Radar altimetry is an essential component for observing the complex ocean circulation. 95% of the ocean socioeconomic activity is developed in coastal areas. For this reason (and many others), understanding the physical processes driving the coastal ocean dynamics should be a priority (Vignudelli et al., 2011). The coastal altimetry community has the responsibility of providing the most accurate product to study the coastal processes.
One of the most novel concepts in coastal altimetry is the Fully Focused SAR (FF SAR) processing. FF SAR introduces improvements in terms of along-track resolution in high Pulse Repetition Frequency (PRF) radar altimeters. The processing is similar to the SAR altimetry, but with an unprecedented high along-track resolution up to the theoretical limit equal to half the antenna length (~0.5 m). This is in contrast to the ~300 m unfocused SAR along-track resolution given in coastal altimeter standard products (Egido and Smith 2017). The FF SAR footprint is SAR focused along-track and pulse-limited across-track. The main drawback of FF SAR is its high computational effort, but some works have been done to reduce the computational time without losing accuracy (Guccione et al., 2018).
In this work, the performance of FF SAR products in the Gulf of Cadiz (Spain) was analysed in terms of accuracy and precision. The analysis was done in the first 5 km from the coast. Two FF SAR algorithms still in development were used: (i) FF SAR Back Projection (BP) (S3 prototype version of Kleinherenbrink et al., 2020); and (ii) FF SAR Omega-Kappa (WK) (Guccione et al., 2018). Four retracking algorithms were used to estimate the retracked range: Threshold retracker (Davis 1993), SAMOSA (Ray et al., 2015), SAMOSA+ (Dinardo et al., 2018) and ALES+ SAR (Passaro et al., 2020). Also, the results were compared to unfocused SAR using data provided by the ESA Grid Processing On Demand (GPOD). Table 1 shows a description of the datasets used in this work.
Four tracks were processed in the study area according to the availability of in-situ measurements (Figure 1): Two tracks from Sentinel-3A and two from Sentinel-3B. The posting rate used was 80 Hz. A total of 45 cycles for S3A tracks and 15 cycles for S3B were analysed in the period 2016-2019. The products accuracy was obtained by comparing time series of Sea Level Anomaly (SLA) with those obtained from a radar tide gauge. The statistics used were the standard deviation of the difference (sdd). Also, an analysis of the Percentage of Cycles for High Correlation (PCHC) was done (Passaro et al., 2015). To evaluate the precision, the SLA differences between consecutive measurements along-track were calculated for each cycle. These differences were considered a good estimation of noise, since SLA is not expected to change significantly in 85 m along track, which is the distance between consecutive measurements at 80 Hz. Subsequently, using the average of these differences, the noise over a single cycle was obtained. Finally, the precision over each track segment was determined by averaging the noise of all the cycles.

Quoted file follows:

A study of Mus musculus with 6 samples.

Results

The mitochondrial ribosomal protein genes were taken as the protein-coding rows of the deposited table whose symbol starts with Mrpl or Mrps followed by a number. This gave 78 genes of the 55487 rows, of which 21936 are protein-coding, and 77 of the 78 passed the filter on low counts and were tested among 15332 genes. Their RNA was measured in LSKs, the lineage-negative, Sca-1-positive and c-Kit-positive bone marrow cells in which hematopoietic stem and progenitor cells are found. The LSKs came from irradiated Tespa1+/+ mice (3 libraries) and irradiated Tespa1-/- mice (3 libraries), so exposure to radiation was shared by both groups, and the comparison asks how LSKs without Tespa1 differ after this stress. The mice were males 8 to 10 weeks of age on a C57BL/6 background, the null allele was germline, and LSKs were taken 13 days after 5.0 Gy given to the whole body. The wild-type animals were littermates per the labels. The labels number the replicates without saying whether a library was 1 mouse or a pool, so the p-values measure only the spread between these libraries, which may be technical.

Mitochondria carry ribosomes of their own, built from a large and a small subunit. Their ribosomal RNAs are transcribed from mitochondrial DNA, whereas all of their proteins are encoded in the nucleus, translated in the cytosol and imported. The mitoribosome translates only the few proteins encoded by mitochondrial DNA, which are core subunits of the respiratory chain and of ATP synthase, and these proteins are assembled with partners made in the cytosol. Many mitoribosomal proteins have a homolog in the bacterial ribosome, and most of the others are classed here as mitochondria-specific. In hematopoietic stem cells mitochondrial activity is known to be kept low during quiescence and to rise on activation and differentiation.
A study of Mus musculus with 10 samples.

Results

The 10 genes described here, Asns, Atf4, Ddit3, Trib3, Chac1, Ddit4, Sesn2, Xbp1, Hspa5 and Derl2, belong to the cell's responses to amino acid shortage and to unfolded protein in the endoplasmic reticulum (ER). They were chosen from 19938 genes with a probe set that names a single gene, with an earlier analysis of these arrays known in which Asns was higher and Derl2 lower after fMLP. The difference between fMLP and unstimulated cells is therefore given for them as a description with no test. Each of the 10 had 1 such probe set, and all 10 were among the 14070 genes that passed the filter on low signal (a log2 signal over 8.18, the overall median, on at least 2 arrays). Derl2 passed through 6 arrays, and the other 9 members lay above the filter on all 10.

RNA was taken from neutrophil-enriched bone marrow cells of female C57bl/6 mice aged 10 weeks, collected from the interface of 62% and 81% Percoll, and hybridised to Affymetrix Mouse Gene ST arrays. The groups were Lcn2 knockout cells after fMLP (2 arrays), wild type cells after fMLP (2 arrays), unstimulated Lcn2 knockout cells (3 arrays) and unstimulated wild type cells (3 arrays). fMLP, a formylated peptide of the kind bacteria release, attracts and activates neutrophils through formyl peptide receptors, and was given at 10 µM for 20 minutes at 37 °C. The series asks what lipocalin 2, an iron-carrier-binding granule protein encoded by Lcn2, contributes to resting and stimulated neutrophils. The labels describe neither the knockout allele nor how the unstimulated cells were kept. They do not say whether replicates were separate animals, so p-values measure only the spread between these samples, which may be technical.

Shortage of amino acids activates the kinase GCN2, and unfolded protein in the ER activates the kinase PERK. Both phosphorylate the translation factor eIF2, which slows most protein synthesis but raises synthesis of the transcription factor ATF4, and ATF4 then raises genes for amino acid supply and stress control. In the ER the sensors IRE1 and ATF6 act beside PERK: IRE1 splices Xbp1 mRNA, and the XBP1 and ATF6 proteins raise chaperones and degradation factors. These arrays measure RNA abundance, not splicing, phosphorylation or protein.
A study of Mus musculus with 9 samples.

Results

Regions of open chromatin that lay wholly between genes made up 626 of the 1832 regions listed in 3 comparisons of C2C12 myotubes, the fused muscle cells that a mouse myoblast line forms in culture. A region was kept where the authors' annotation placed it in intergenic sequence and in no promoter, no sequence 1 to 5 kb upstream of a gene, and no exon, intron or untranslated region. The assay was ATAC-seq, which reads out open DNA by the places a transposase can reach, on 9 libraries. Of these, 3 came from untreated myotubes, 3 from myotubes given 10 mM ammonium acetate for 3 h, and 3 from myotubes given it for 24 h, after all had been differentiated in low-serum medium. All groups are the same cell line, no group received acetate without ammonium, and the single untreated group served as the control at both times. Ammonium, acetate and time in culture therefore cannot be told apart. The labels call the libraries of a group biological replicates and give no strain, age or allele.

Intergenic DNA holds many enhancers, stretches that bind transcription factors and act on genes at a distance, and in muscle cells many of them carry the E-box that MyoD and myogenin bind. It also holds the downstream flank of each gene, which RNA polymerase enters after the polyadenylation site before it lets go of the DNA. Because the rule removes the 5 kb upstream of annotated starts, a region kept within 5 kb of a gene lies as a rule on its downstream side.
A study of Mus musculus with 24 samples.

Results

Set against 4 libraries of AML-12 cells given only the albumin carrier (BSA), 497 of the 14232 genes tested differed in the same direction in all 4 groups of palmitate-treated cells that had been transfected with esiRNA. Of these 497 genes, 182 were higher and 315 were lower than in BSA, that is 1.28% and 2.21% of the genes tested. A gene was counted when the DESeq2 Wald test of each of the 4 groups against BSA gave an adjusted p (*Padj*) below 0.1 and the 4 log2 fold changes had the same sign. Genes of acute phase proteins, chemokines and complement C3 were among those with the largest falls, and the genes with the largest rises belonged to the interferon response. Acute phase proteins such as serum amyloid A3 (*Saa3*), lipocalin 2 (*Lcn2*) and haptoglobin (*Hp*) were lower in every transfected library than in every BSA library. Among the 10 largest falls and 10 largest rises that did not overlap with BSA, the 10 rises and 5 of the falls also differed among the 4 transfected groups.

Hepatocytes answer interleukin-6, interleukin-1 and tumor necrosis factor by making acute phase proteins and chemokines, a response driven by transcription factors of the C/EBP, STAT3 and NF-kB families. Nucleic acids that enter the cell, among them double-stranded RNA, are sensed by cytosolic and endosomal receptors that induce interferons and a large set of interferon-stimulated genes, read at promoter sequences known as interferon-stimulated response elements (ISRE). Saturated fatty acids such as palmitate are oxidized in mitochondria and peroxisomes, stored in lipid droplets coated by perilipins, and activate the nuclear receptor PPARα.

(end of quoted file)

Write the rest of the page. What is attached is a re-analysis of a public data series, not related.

Our preliminary results show percentages of PCHC higher in FF SAR than unfocused SAR. In terms of sdd, the result obtained comparing the in-situ data and the different S3 datasets were similar, ranging between 7 and 10 cm. Although it should be noted that lower values of sdd were obtained at 1-2 km of the coast in FF SAR. In addition, preliminary results indicate that the along-track noise is lower in FF SAR than in unfocused SAR. Moreover, some improvements in the results were observed when the ALES+ SAR retracker was applied.
Besides, in order to assess the potential of the different algorithms and retrackers for their use in coastal oceanographic applications, across-track surface current velocities, derived from the different SLA retrievals, will be compared with high-frequency radar (HFR) data.
The innovation of this study lies in the use of new products from FF SAR to improve our knowledge of coastal processes such as the coastal countercurrent observed in the Gulf of Cadiz (its origin is still on debate), taking advantage of the good quality of data closer to the coast (1-2 km) compared to unfocused SAR (up to 3 km) (Mulero-Martinez et al., 2021; Aldarias et al., 2020).